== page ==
ELECTION RESULTS | Get Real-time updates here
- CLINTON WINS: Florida, Ohio & North Carolina
- TRUMP WINS: Florida, Ohio & North Carolina
- KASICH WINS: Ohio
Donald Trump claimed Florida, the biggest delegate haul of Tuesday night's five Republican primary elections, by sweeping nearly all categories of voters— men and women, rich and poor, the highly educated and those without college degrees.
Trump's appeal with Florida's educated Republican voters notably broke from the trends seen in most other states like North Carolina and Illinois where the billionaire won with a coalition of white, less educated and lower income voters.
On the Democratic side, Hillary Clinton beat Vermont Sen. Bernie Sanders in Florida, North Carolina and Ohio, largely thanks to widespread support from black voters.
According to early results of exit polls conducted for The Associated Press and television networks by Edison Research, Clinton's policies were seen as more realistic while voters in two states where Sanders was running strong found him more inspiring than former secretary of state.
Ohio Gov. John Kasich won his home state by drawing Republican voters looking for an experienced candidate. He also attracted more moderate Republicans and those who have college degrees.
Other highlights from the exit polls:
TRUMP'S BIG FLORIDA WIN
Early exit polls in Florida indicate Trump won about half of whites and nearly 3 in 10 Hispanics. He was also backed by most voters without a college degree, and about 4 in 10 of those with a college diploma.
Most GOP voters in Florida are looking for a political outsider and three-quarters voted for Trump. Four in 10 are angry with Washington and 6 in 10 of them prefer Trump.
Trump was backed by nearly two-thirds of those who would like to see immigrants who are here illegally deported; those who want to give workers without documentation a chance to apply for legal status divided their votes closely between the two.
For Florida Sen. Marco Rubio, who ended his campaign Tuesday, it was a rough night across nearly all demographics.
Rubio was backed by voters looking for experience, by voters who are not so negative about politics and the government and by those opposed to denying Muslims entry into the country. Unfortunately for him, those voters made up a small portion of Republicans who turned out.
THE TRUMP COALITION
Trump prevailed in North Carolina and Illinois with support from a familiar group of voters for him.
In those states, he earned the support of voters without college diplomas, those with lower incomes and people looking for a president from outside the political establishment.
And in North Carolina, the exit poll showed that Trump won a majority of veterans.
CLINTON AND BLACK VOTERS
In Illinois, Missouri and Ohio, Clinton was supported by about two-thirds of black voters, similar to her level of support among black voters in Michigan last week, where her margin among the key group was not enough to propel her to victory.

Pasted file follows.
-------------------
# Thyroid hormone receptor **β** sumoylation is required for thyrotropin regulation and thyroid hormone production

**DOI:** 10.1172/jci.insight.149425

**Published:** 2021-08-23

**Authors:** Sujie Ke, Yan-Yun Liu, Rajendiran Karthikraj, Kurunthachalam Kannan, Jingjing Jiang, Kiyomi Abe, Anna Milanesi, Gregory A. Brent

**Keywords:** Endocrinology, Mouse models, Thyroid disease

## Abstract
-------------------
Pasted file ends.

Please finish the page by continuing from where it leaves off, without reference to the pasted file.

In Florida and North Carolina about 8 in 10 black voters supported her, which is closer to her average margin in previous states. She also was supported by about 7 in 10 Hispanic voters in Florida.
REALISM VERSUS INSPIRATION
In each of the three states Clinton won, more than three-quarters of voters said her policies are realistic, while only half of North Carolina and Florida primary voters said Sanders had realistic policies.
In Missouri and Illinois, two-thirds of voters say Sanders' ideas are realistic. But even in Missouri and Illinois, voters were slightly more likely to call Clinton's policies realistic, with more than 7 in 10 voters saying that.
But Sanders appeared to attract voters looking for inspiration.
More than half of Democratic primary voters in Illinois and Missouri say Sanders inspires them about the future of the country. In both states, about 4 in 10 said Clinton inspires them.
SPLIT ON TRADE
Voters in the Democratic primaries in Illinois and Missouri are divided over whether international trade costs the U.S. jobs. The voters who say trade takes jobs from Americans tend to back Sanders; those who consider trade beneficial generally support Clinton.
KASICH'S WIN AT HOME
In Ohio, Kasich was supported by three quarters of those looking for a president with political experience.
The governor also drew moderates and those identified as somewhat conservative. Kasich's supporters were also more likely to be college graduates, while Trump was the favorite of those without a college degree.
Kasich was supported by about 6 in 10 voters saying they most want a candidate who shares their values. And most voters who feel like they're getting ahead financially supported Kasich.
As seen in earlier primaries, voters who made up their minds close to the primary were less inclined to support Trump. Of the Republicans in Ohio who decided in the last week, more than half preferred Kasich.
The surveys were conducted for The Associated Press and television networks by Edison Research as voters left their polling places at 30 to 40 randomly selected sites in five states holding primary elections Tuesday.
Preliminary results include interviews with 759 to 2,019 Democratic primary voters and 855 to 2,743 Republican primary voters in each state. In Florida, North Carolina and Ohio, the results also include telephone interviews with early and absentee voters.
The results among all those voting in each contest have a margin of sampling error ranging of either plus or minus 4 percentage points or plus or minus 5 percentage points.